Recovering his life

Darren Williams, the mayor of Bangor, was recently recognized by Michigan Supreme Court Justice Elizabeth Clement for being a role model to recovering drug addicts.

BANGOR — Bangor Mayor Darren Williams says being arrested for possessing illegal drugs on Dec. 5, 2013, saved his life.

“I was excited,” he said. “I told him, ‘Thank you. I wanted this to be over.’ (The police officer) was looking at me like I was crazy.”

But Williams, who was elected mayor in May, had been addicted to drugs for 17 years and wanted to recover.

“I was hoping to get in trouble by the law because I knew if I went to jail, that would be a good start to clean up,” said the Bangor native. “And that’s exactly what happened. I got pulled over, and I had heroin in the car – a syringe full of heroin. They searched it and found it and charged me and I pretty much thanked God then.”

Williams, now 39, said he’s been in five mental institutions and 27 treatment centers, trying to get clean.

He was clean once before for five years and 10 months starting in 2005. But then he was seriously injured in his tree care job when a limb fell and crushed him.

“I told them I didn’t want any pain meds, but they shot me up with morphine and started giving me prescriptions to take it,” he said. “I fought for two weeks not to take it. I couldn’t even get out of bed. I was crawling to the bathroom.”

He said his friends told him there was no reason for him to suffer with the pain, so he took the pain medication.

“I started taking them like they said and when they quit working, they upped my dose,” he said. “Then they canceled me ... and I went back to the streets for what I needed.”

But he said he was more determined than ever to get clean.

“I knew what life was like without it,” he said. “I knew how great that was, the feeling of it. What you can succeed in. And then boom, I lost it. Everything.”

Williams was also helped by the Van Buren County Swift and Sure Sanctions Probation Program. In July, he was honored by Michigan Supreme Court Justice Elizabeth Clement for completing the program and being a role model to other recovering addicts.

When he was in the active phase of addiction, he said he would lie, cheat and steal to get his drugs. He said his a long criminal record is all related to when he was actively addicted. But he said he was raised in a Christian home and doesn’t do those things when he’s in recovery.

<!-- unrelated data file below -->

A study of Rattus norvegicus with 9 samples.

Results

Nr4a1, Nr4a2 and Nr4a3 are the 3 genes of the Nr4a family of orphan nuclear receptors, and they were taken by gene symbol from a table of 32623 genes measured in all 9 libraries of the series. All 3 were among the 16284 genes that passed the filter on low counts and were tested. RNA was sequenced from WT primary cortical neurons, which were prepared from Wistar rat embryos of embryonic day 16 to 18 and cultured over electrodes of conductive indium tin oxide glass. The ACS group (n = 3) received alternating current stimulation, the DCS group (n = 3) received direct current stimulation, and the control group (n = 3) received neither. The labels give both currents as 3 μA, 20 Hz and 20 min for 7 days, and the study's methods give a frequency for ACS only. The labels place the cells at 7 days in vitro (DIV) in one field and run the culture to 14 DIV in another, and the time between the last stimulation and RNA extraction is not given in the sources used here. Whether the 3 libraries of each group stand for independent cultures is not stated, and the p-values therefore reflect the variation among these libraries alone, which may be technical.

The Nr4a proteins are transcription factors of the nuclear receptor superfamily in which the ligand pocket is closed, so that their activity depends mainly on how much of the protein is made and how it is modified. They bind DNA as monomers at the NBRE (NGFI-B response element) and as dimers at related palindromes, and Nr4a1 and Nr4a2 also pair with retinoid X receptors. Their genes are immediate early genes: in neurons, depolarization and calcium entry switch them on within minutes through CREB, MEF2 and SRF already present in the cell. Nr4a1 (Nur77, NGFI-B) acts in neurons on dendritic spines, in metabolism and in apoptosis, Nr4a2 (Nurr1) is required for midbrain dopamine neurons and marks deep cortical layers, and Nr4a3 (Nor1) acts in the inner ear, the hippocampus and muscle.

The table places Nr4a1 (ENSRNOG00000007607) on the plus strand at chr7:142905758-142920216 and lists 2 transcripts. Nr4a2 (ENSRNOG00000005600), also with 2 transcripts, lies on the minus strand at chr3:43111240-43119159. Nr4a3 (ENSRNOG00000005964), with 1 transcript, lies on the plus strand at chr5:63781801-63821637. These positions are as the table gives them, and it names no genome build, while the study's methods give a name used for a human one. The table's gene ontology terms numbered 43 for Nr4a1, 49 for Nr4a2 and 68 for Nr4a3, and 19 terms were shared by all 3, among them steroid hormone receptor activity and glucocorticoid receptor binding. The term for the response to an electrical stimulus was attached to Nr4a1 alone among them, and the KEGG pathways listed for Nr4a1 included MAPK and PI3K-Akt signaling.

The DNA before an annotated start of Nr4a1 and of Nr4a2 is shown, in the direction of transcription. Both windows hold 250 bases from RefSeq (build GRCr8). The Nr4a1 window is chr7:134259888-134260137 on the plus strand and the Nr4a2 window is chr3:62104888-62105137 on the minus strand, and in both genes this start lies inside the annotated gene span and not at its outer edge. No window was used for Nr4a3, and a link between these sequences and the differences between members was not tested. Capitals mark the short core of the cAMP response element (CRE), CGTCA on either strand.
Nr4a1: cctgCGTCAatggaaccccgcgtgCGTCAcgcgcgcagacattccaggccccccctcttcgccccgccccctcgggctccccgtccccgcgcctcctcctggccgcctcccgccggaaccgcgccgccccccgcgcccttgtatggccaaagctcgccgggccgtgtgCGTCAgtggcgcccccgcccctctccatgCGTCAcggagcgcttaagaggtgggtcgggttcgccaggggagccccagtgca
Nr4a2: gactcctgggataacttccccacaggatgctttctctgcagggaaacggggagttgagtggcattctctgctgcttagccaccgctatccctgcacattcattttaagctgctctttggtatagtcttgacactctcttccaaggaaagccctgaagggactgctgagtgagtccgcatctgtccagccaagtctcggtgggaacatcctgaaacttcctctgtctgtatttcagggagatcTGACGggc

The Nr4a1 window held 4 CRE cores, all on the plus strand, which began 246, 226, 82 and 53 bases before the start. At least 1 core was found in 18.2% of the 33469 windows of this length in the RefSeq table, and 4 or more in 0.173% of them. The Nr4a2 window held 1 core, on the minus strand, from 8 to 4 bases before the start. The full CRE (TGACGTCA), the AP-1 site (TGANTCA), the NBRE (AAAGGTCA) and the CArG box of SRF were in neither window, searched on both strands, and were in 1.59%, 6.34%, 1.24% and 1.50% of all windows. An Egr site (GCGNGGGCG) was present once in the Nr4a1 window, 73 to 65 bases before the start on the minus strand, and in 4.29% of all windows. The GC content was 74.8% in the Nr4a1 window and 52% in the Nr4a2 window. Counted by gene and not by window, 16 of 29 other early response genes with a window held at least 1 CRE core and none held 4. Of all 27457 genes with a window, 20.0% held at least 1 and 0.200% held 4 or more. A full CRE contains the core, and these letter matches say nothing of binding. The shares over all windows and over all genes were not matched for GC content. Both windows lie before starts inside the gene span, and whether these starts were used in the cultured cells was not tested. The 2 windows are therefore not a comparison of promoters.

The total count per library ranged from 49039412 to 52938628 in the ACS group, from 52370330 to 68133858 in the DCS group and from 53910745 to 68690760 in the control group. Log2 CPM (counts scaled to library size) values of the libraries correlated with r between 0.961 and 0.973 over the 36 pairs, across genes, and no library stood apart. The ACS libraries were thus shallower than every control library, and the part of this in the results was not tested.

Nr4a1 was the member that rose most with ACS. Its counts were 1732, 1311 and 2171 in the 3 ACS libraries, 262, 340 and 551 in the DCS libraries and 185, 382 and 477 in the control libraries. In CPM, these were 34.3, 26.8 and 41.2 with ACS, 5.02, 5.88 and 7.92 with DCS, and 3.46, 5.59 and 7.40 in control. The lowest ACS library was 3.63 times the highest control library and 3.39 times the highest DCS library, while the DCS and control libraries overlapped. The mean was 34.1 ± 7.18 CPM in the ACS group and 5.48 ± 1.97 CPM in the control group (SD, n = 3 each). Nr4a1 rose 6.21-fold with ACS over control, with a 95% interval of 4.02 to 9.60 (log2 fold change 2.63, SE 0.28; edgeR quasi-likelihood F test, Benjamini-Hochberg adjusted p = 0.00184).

Herald-Palladium Staff Writer Louise Wrege sat down with Williams recently so he could share his story.

Why do you want to share your story?

I want somebody else to hear my story to be able to help somebody else. Being a mayor is showing other struggling addicts that you can succeed even though you do have a past. Don’t let anything come between you being successful.

How did you get started on drugs?

I was 8 and my (16-year-old) brother was a drug addict. I walked upstairs on him and his girlfriend one time and they were snorting a (Vicodin) pill. I didn’t know it was a pill. To keep me from telling mom, he invited me to it. Then I started sneaking around, snorting stuff. I thought it was fun drinking with them. When I was 13, I started smoking weed. When I was 17, I had a girlfriend who did cocaine. I was already snorting pills. I thought, “Let me try that.” It escalated from there.

You had been in jail before. Why were you finally able to quit this time?

My brother passed away six years ago. When my brother was dying, that’s when it really hit home to me that I needed to stop. He wanted me to stop. He was my best friend. My word to him I want to fulfill, not just for him, but for me. I don’t want to break my word to him.

They gave me 120 days in jail. I served 73. I told the judge I’d like to have the Swift and Sure program because that’s what I need, and she honored it. It’s a two-year probation program that I graduated in 12 months. Now I help other suffering addicts try to remain clean.

How do you do that?

I own a couple of companies – American Eagle Home Improvement and American Eagle Freight. They send people in (recovery) programs to me and I help them out. I’m also general manager of 4 Seasons Tree Services.

What made you decide to run for mayor?

I had a couple of influences through the town. The ex-mayor and the chief of police wanted me to actually run for a council seat. Then, a guy was running for mayor and nobody was running against him and I thought, “I’ll do that.”

The ex-mayor wanted me to really run for mayor and I was like, I’m a convicted felon. I can’t do that. I’m a recovering drug addict five years clean. I’ll be recovering the rest of my life.

What does it mean to be recovering?

To me, it means locking (the addiction) away in a cage. As long as I don’t give it a key to let itself out, I don’t have to pick it up. Picking it up is like giving it a key to let it out. I just don’t pick it up.

I refuse to. I keep my mind on positive things and influences in my life just so I don’t fade away to grab it. But no matter what, I will not pick it up. Period. I’m still an addict. I’m not in the active addiction side of it.